Those fake autographs seized by the FBI during the investigation of sports memorabilia fraudster John Rogers are doing some good.
More than 100 bats and dozens of baseballs carrying phony autographs were donated to an inner city youth baseball program on the south side of Chicago. Teenagers who play in the Amateur City Elite (ACE) program received the new Louisville Slugger bats and Rawlings baseballs, which had the signatures removed or crossed out.
The items were among those recovered in a raid of Rogers’ office and home in Arkansas a few years ago. Rogers later admitted in a plea agreement that he carried out a fraud scheme between 2009 and 2014 through his two Arkansas-based businesses, Sports Card Plus and Rogers Photo Archive LLC, resulting in millions of dollars in losses to investors, customers and financial institutions. He was sentenced late last year to 12 years in prison. The fake autographs that were uncovered included Babe Ruth, Ty Cobb, Joe DiMaggio, Mickey Mantle as well as more current stars like Albert Pujols.
“At the start of this case, I had advised my prosecutor that if we ever come upon large amounts of seized material that we can make good on—such as these bats by removing the signatures—I said that maybe at the end of the case we get a restitution of forfeiture order so that we can donate the bats to some good cause,” said Brian Brusokas, an agent with the FBI’s Chicago Division, which investigated the Rogers case.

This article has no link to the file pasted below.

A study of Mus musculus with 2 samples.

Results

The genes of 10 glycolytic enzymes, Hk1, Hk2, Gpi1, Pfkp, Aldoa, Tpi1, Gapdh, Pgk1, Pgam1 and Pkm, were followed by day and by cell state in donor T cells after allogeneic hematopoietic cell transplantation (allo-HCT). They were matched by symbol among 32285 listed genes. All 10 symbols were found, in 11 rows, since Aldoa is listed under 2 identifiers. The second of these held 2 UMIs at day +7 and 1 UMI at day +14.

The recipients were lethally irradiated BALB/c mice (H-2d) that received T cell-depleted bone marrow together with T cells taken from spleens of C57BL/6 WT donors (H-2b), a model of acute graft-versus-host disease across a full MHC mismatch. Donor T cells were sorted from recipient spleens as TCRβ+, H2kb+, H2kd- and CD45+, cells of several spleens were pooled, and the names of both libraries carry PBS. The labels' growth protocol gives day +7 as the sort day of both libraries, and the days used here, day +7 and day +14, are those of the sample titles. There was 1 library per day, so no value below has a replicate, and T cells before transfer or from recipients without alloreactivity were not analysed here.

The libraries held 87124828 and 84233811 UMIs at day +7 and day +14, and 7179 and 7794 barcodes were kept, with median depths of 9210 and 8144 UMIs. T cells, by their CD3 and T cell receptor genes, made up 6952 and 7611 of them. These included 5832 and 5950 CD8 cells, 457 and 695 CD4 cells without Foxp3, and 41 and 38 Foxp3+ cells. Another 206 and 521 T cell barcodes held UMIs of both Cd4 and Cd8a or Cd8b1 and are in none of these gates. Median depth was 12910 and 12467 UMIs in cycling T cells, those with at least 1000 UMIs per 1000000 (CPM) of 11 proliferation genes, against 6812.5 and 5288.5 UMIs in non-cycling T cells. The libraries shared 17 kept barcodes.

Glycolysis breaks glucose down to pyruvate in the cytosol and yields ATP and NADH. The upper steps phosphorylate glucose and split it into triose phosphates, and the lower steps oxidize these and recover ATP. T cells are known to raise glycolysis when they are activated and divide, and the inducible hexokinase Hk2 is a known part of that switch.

For some young players, it was a rare opportunity to use a new bat. The Chicago White Sox sponsor the baseball program and several representatives from the team and the FBI were on hand last week to turn the items over the speak to the players and coaches.
“Our ACE kids have to perform academically and athletically,” noted Anthony Olivo, manager of youth baseball initiatives for the Sox. “We offer a safe environment to get them off the streets and on a narrow path and provide them an opportunity they might otherwise never have.”
“People that are working on this program every single day, they’re the heroes,” said FBI Special Agent in Charge Jeffrey Sallet. “They’re making sure they’re giving these kids an opportunity. The kids in these neighborhoods are incredible kids. If they’re given an opportunity and they’re given good guidance, they will succeed.”
“Unfortunately, there is a lot of fraud in the industry, just like in any billion-dollar industry,” Brusokas said. “We can’t undo John Rogers’ crimes,” he added, “but being able to donate these bats and balls to a worthy cause is something we can all feel good about.”